The “weaponisation” of migration by Belarus on its border with Lithuania and an imminent military exercise involving Russian and Belarusian troops risks an “incident” with Nato troops in the Baltic states or Poland, said Latvia’s foreign minister.
Edgars Rinkevics told the Financial Times there was an increased chance of “misunderstandings, some actions that are not approved by superiors” when Russia’s Zapad military exercise takes place next month.
“You have a border crisis, you have a major military exercise going on at the borders of Nato countries, you also have increased presence on our side, the Lithuanian side, Estonian side, Polish side of border guards, and military formations. Of course, this is increasing the possibility of incidents,” Rinkevics said.
There is growing unease in both the Baltic states and Brussels over the actions of the authoritarian regime of Belarusian president Alexander Lukashenko after a flawed election last year and the forced landing of an intra-EU flight in May to seize a journalist-activist.
Baltic officials say his latest tactic is to offer migrants from Iraq, Syria or several African countries a package that includes passage to the Lithuanian border. More than 4,000 migrants have crossed into Lithuania this year alone, more than 50 times the number that entered last year.
Rinkevics said this was “a very clear case of hybrid warfare” by deliberately using migration to target the EU and Lithuania.
“The migrants are actually being used as the weapon. The longer we live in this 21st century, the scarier it becomes. Things that we couldn’t imagine that could be used, they are being used,” he said.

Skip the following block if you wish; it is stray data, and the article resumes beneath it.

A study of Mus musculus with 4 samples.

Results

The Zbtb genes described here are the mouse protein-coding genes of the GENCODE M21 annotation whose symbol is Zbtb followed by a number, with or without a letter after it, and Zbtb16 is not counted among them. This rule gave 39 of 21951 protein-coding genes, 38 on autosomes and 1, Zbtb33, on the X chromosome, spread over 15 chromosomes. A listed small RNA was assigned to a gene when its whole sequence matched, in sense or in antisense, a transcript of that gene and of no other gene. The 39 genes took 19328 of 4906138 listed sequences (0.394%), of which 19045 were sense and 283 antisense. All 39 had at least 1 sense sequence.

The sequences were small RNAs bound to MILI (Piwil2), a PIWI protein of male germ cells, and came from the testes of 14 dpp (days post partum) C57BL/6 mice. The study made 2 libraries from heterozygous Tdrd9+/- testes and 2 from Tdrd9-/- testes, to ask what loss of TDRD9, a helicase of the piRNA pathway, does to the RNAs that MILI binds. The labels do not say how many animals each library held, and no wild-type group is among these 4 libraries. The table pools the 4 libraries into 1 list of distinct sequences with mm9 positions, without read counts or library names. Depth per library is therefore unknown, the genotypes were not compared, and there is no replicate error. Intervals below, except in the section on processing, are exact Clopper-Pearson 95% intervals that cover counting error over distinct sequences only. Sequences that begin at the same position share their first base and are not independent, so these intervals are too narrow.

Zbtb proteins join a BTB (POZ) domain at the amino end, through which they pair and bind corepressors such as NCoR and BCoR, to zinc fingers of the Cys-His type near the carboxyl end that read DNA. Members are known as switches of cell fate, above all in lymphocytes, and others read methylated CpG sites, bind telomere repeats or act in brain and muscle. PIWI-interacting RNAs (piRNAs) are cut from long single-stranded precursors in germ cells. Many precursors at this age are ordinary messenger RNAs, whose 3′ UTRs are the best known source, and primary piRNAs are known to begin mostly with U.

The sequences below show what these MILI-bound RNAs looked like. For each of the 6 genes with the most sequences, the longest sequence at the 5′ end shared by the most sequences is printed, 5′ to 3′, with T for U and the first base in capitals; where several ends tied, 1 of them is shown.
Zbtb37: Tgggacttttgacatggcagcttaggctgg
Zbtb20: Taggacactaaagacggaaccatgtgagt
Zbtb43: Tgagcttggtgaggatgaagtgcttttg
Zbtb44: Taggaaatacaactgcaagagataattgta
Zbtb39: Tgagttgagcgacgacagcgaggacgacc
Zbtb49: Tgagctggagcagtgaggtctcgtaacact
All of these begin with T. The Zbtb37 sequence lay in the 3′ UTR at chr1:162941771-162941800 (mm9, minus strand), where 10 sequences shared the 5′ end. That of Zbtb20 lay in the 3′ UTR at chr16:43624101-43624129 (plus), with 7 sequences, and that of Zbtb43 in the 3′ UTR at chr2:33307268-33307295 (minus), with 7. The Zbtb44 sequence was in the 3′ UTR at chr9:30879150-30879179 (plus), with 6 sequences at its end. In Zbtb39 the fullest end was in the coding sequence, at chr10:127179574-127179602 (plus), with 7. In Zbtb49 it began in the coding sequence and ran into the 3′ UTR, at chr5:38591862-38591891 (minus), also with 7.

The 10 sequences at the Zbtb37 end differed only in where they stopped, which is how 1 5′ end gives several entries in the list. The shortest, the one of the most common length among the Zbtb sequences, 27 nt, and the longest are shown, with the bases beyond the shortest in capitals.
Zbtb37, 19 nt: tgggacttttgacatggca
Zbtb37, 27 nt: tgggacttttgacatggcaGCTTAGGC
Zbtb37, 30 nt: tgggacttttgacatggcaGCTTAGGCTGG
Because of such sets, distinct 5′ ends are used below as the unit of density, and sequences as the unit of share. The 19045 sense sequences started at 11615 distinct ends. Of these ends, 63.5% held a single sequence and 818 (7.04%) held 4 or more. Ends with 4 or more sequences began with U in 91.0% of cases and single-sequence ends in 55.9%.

Latvia’s foreign minister said he was encouraged by Iraq’s decision to suspend flights to Minsk, which, combined with Lithuanian border guards’ new tactic to “push back” migrants towards Belarus, has led to a significant decrease in the numbers crossing the frontier in recent days.
Tensions in the Baltic states rise every four years when Russia’s annual military exercises move to its western district bordering Estonia, Latvia and Lithuania. But Rinkevics said that this year’s Zapad exercise was particularly sensitive due to the “ongoing hybrid warfare element”.
He added: “Definitely this has rather high potential for incidents. Of course, if somebody is planning some deliberate provocations then one can see that. But I honestly don’t think there’s an interest to escalate that to a full-scale military provocation.”
Russia, which has a close union with Belarus, is one of the few supporters of Minsk. Rinkevics said he believed it was not in Moscow’s interests to be too closely associated with Lukashenko’s recent actions, which were “a little bit too scandalous”.
But he argued that Russia was likely to be involved in some way in Belarus’ recent actions. “Definitely it is difficult to imagine that such kind of actions could be done without some kind of backing, co-ordination and co-operation,” Rinkevics said.
The former head of Estonia’s armed forces, MEP Riho Terras, last week called on Nato to invoke its article 4 over the migration crisis; this calls for consultations among members of the military alliance. Invoking it would not be as serious as article 5, which declares an attack on one member is an attack on all, but is seen as symbolising Nato’s deep concern on an issue, and has been used several times by Turkey.
Rinkevics hinted that Latvia would back an article 4 call in the right circumstances. “If there is a real need to call for consultations with Nato allies, if we see a need for article 4 we will use that,” he said.